Preparing for surgery can be stressful and overwhelming. Feelings of uneasiness are common, but you don't have to feel that way.
You're fully empowered to ask questions and seek answers before you enter the operating room. Your doctors and nurses are your ultimate resources. They are there to guide you through what we call the perioperative process: before, during and after surgery.
From the moment the surgery is scheduled until your post-op recovery is complete, you should feel comfortable to ask any question that arises. Educating yourself is one of the best ways to eliminate any anxiety and empower yourself as a patient.
The following are some questions that you should ask as you move through the process:
1. Do I have to have this surgery?
First and foremost, find out if you must have surgery. Is it medically necessary? Are there any alternatives? What are the risks and benefits associated with each option? Will your insurance cover the procedure?
Many people depend on the Internet to answer these questions. Anyone can type "surgery" or "pre-op" into a search engine and find all sorts of information, but I caution my patients to avoid going online to learn about their surgeries.
You can reference the Internet as a guide, but remember it is built for general information, not detailed information about a specific case. Every patient is an individual. And I remind my family that "doctors don't look for zebras, they look for horses" -- you're not likely to be the rare "zebra" case that an Internet search might bring up.
2. Where is the surgery being done, and what is the facility's experience with this type of procedure?
After you determine that you need to have surgery, you have to think about where you're having it. You'll want to look at the experience and expertise of the surgeon, staff and hospital.
Do they have established experience with the particular type of surgery you are having? Do you have to go to a specific hospital, or are there several from which to choose? Could the procedure be done at a surgical center or outpatient facility?
If your child is the patient, make sure the hospital has experience with pediatric patients. The same goes for the elderly.
You'll also want to check with your health insurance carrier about what facilities they will cover. Some insurance plans will not pay for a procedure unless the facility is "in network" -- in other words, your primary care provider may have to have a relationship with a particular facility.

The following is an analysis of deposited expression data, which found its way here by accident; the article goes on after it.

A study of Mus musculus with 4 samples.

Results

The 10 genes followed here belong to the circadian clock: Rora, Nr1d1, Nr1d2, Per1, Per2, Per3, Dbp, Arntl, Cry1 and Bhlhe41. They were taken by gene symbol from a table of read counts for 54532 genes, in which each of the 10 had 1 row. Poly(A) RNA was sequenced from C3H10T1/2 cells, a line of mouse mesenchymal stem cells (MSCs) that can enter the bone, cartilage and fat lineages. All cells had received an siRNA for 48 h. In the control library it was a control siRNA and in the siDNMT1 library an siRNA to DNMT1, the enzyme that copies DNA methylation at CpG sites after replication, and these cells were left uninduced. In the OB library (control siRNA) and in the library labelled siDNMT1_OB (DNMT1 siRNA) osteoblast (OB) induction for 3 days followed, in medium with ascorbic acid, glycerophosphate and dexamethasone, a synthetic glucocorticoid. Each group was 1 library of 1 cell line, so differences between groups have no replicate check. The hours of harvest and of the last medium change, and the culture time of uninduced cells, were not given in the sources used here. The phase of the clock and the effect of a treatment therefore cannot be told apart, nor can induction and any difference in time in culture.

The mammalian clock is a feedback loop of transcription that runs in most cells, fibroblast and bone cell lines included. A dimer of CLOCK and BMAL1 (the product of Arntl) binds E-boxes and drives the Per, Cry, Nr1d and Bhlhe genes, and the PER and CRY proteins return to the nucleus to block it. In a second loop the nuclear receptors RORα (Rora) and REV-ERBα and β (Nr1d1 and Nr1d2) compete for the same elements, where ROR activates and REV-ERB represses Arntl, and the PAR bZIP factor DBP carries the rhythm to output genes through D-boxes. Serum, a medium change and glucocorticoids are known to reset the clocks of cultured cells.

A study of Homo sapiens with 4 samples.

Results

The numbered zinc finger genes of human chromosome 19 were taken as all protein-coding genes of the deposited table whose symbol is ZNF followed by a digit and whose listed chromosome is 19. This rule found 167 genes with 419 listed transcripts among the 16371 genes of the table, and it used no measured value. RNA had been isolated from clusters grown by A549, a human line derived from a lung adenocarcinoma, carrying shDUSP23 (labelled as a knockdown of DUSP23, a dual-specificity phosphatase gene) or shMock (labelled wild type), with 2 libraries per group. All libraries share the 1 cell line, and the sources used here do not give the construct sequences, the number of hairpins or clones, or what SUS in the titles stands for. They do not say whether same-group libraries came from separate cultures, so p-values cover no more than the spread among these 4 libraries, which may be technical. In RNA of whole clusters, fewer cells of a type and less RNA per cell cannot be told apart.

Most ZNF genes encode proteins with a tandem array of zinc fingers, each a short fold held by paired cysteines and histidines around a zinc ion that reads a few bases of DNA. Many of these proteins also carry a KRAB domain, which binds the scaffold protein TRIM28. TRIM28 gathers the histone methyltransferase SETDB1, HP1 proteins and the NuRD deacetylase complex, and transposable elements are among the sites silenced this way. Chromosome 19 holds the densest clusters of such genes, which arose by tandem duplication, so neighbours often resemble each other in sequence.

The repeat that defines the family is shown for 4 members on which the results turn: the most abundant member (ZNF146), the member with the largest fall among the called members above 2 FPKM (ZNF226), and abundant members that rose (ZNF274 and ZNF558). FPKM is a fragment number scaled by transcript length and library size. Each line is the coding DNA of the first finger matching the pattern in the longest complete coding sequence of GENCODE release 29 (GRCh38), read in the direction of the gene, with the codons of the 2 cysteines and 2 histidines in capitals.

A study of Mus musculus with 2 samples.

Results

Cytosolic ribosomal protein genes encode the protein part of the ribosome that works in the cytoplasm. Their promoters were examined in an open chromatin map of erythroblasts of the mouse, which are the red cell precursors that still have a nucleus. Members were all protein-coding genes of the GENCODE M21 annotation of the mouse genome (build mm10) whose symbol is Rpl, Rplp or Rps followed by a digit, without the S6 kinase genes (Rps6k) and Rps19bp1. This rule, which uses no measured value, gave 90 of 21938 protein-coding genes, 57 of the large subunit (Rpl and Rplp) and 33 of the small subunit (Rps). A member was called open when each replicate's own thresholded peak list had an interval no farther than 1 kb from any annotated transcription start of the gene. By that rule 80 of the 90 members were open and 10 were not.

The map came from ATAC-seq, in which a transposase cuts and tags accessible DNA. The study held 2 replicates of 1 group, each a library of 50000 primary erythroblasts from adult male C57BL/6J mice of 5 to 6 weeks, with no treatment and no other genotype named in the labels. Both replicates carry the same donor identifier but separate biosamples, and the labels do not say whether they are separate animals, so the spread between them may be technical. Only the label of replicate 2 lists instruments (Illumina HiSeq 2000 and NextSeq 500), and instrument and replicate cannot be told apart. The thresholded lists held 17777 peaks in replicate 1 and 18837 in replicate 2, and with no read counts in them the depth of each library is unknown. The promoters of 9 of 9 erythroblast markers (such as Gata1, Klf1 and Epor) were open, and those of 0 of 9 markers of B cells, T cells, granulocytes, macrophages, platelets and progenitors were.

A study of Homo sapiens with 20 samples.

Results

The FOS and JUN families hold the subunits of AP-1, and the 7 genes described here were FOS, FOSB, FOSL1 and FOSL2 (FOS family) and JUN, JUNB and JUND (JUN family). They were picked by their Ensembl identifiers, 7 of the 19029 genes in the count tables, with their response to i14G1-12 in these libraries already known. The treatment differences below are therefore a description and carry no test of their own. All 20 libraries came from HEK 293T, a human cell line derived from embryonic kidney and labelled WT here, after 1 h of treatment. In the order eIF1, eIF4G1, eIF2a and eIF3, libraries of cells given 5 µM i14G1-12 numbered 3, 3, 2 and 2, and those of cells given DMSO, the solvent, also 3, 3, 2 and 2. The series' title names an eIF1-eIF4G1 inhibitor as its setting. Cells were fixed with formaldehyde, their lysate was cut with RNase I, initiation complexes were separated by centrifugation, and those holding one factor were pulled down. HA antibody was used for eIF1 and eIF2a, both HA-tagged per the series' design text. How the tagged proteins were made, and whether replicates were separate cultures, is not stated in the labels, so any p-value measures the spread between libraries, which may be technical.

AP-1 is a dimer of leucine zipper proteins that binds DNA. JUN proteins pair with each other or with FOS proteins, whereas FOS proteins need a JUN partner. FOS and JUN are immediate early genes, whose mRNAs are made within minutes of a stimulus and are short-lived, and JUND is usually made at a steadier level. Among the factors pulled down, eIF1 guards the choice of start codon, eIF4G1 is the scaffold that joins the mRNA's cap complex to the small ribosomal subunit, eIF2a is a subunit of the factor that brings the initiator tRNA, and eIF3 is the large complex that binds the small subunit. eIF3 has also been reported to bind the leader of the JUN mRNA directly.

3. How do I prepare for my procedure -- both physically and mentally?
The physical preparation is hands-down the most important, individualized part of the surgical process.
For some people, little preparation is needed. For others, it may be necessary to speak to your primary care provider, cardiologist or other specialists.
Find out if you need any testing beforehand, or if you need to make any changes to your medication regimen. Ask your doctor about eating and drinking before the procedure. If you're a smoker, find out how that could affect your preparation. Make sure you are eating well and getting enough sleep. It's important to take good care of yourself before having surgery.
Mental preparation is also key. You need to prepare your family or friends, because chances are you'll need their assistance when you come home. Be sure to have caregivers ready to help you. Don't have the unreal expectation that you will go back to your regular routine instantly.
4. What are my anesthesia options?
For many people, anesthesia is one of the most concerning aspects of surgery.
Talk to your doctor about the different types of anesthesia. Some surgeries require a specific type of anesthesia, but you may have options. If you do have the option of choosing what kind to have, make sure you understand ahead of time what the risks and benefits are.
Being nervous about anesthesia is normal, but educating yourself will help alleviate your fears. As an anesthesiologist, I always remind people that my job is to wake people up, not just put them to sleep.
5. What will my recovery be like?
Complications are sometimes unavoidable after surgery, but you can help reduce some of the risks by following your doctor's instructions and caring for yourself before you head into the operating room.
After surgery, you may have pain, nausea or vomiting. Ask your doctor what you can do to alleviate these common reactions. Learn what your expected recovery time frame will be like. Ask about your pain management options.
And be sure your loved ones understand what to expect in the weeks following the surgery. Knowing what to expect makes the recovery process easier.
Editor's note: Dr. Adam Blomberg is the national education director for Sheridan Healthcare's anesthesia division. He also is the director of clinical education at Memorial Regional Hospital, Sheridan Healthcare's flagship anesthesia practice, in Hollywood, Florida.